Royal Dutch Shell is a solid business offering attractive dividends, says Phil Oakley.
What is it?
Royal Dutch Shell is one of the world's largest oil and gas companies. The upstream division explores for and extracts crude oil and natural gas; converts gas to liquid petroleum products; and turns bitumen from tar sands into synthetic oil. It produces 3.3 million barrels of oil and gas per day and has around 14 billion barrels of proven reserves. The downstream business converts crude oil into products such as fuels, lubricants and chemicals. It operates 43,000 petrol stations worldwide.
What is its history?
The company was formed in 1907 from the merger of Shell Transport and Trading and Royal Dutch Petroleum. Major oil discoveries in California, South America and the Middle East saw it become the world's leading oil company by the late 1920s. World War II inflicted heavy damage on its assets, but the company recovered afterwards as demand for oil soared.
Who runs it?
Peter Voser has been chief executive since 2009. Prior to joining Shell, he was chief financial officer of Swiss company ABB. His basic salary is £1.5m. Ex-Nokia CEO Jorma Ollila is chairman. Simon Henry is chief financial officer.
With higher oil and gas prices, upstream profits rose 58% to $5.4bn in the three months to September 2011. Underlying oil and gas production rose 2% and LNG volumes grew by 12%. Downstream profits grew 25% to $1.8bn helped by better profits in the chemicals business. Underlying earnings per share rose by 40% to $1.12. The dividend stayed at $0.42 per share.
What's the outlook?
From 2012, most of Shell's production will be natural gas where long-term demand looks promising. The company has 20 new projects coming onstream during 2011-2014. The key one is a gas-to-liquids plant in Qatar, which will turn gas into products such as diesel, kerosene and paraffin. Shell also has big gas projects in North America and Australia. If oil and gas prices don't collapse, Shell's cash flow should rise and generate higher dividends.
We like Shell's rising exposure to natural gas. The company's strong finances and solid dividend prospects make it a long-term buy.
Of the 23 analysts surveyed by Bloomberg, 15 say "buy", seven "hold" and one "sell". The average price target is 2,582p 11% above the current share price. The most bullish forecast comes from Goldman Sachs, which has a 2,890p price target. Arbuthnot Securities is the most bearish of the analysts that cover the stock, with a 1,752p target.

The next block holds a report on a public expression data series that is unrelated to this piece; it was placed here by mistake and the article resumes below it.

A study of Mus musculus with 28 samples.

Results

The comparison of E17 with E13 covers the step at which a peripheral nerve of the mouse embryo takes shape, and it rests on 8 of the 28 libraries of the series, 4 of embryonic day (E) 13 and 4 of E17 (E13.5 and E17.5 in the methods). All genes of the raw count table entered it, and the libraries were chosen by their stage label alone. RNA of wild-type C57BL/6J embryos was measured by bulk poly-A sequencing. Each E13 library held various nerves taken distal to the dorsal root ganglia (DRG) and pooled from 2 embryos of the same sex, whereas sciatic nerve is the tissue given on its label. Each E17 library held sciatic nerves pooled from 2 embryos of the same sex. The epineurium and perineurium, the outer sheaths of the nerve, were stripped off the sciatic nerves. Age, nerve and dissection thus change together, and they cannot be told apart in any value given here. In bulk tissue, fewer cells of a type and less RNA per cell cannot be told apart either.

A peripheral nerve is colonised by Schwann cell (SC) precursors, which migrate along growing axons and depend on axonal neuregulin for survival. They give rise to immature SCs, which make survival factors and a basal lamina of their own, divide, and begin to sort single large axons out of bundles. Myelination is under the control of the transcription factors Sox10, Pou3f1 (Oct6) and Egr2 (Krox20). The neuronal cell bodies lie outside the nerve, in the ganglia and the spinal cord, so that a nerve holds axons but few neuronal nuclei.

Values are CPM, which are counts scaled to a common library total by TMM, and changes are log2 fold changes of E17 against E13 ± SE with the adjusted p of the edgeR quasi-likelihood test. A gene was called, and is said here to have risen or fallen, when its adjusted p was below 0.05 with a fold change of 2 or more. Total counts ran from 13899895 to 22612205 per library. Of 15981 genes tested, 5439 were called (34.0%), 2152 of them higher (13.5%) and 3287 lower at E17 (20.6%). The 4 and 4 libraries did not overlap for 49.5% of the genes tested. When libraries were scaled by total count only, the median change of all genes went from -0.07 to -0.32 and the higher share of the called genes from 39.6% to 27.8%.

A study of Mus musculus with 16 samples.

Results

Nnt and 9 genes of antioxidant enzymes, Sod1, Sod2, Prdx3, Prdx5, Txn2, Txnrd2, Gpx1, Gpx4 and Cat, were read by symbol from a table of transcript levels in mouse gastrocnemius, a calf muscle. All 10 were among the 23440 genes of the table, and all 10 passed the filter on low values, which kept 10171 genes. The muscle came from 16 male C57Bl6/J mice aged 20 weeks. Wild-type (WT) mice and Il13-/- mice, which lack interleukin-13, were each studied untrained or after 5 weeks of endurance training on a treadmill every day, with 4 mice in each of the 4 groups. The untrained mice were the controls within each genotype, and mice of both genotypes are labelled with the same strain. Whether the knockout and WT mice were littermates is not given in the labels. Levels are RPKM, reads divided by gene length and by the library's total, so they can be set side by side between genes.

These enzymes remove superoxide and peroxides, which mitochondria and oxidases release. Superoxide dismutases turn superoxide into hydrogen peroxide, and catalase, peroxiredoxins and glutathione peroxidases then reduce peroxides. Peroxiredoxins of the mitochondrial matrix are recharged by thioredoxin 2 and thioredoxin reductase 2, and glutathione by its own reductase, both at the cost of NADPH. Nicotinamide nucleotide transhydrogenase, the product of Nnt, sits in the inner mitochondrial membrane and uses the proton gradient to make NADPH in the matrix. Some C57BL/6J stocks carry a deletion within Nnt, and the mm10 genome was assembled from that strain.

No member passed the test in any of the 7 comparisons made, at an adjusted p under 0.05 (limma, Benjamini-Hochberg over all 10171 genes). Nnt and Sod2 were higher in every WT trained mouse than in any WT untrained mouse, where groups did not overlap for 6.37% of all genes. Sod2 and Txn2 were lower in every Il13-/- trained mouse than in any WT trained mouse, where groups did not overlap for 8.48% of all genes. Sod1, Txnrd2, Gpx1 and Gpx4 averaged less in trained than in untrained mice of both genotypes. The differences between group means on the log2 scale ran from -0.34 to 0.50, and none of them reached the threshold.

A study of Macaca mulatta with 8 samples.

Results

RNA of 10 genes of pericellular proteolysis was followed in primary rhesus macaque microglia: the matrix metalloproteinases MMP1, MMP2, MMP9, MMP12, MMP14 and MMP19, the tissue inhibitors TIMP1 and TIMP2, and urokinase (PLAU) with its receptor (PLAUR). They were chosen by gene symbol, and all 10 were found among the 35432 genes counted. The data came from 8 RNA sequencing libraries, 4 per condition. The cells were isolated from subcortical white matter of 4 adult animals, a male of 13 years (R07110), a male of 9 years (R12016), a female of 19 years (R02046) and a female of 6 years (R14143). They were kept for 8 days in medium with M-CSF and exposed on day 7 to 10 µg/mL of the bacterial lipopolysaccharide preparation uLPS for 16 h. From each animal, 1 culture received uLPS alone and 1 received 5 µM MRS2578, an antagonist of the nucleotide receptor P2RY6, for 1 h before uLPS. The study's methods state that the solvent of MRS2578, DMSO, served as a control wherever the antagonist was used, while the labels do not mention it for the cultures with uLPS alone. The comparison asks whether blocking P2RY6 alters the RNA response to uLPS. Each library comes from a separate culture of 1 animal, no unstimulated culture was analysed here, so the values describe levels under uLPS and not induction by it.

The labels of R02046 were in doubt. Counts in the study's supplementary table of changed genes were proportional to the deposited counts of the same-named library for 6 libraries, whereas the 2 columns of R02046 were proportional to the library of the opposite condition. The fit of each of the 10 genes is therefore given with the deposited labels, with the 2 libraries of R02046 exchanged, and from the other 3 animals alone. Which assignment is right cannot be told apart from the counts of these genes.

Apart from company share plans, there has been very little director dealing activity recently other than non-executive director Guy Elliot's purchase of £50,000 of shares in August 2011. The CEO must hold three times his annual salary in shares. Recent share activity can be seen in the chart above, with the main directors' shareholdings shown below.
Director, Shares held
P Voser, 110,694
S Henry, 117,939
M Brinded, 433,900
J Ollila, 25,000
Stockmarket code: RDSB
Share price 2,318p
Market cap: £146.7bn
Net assets (September 2011) $166.2bn
Net debt (September 2011) $20.1bn
P/e (current year estimate) 8.4 times
Yield (prospective) 4.6%
Phil spent 13 years as an investment analyst for both stockbroking and fund management companies.
After graduating with a MSc in International Banking, Economics & Finance from Liverpool Business School in 1996, Phil went to work for BWD Rensburg, a Liverpool based investment manager. In 2001, he joined ABN AMRO as a transport analyst. After a brief spell as a food retail analyst, he spent five years with ABN's very successful UK Smaller Companies team where he covered engineering, transport and support services stocks.
In 2007, Phil joined Halbis Capital Management as a European equities analyst. He began writing for Moneyweek in 2010.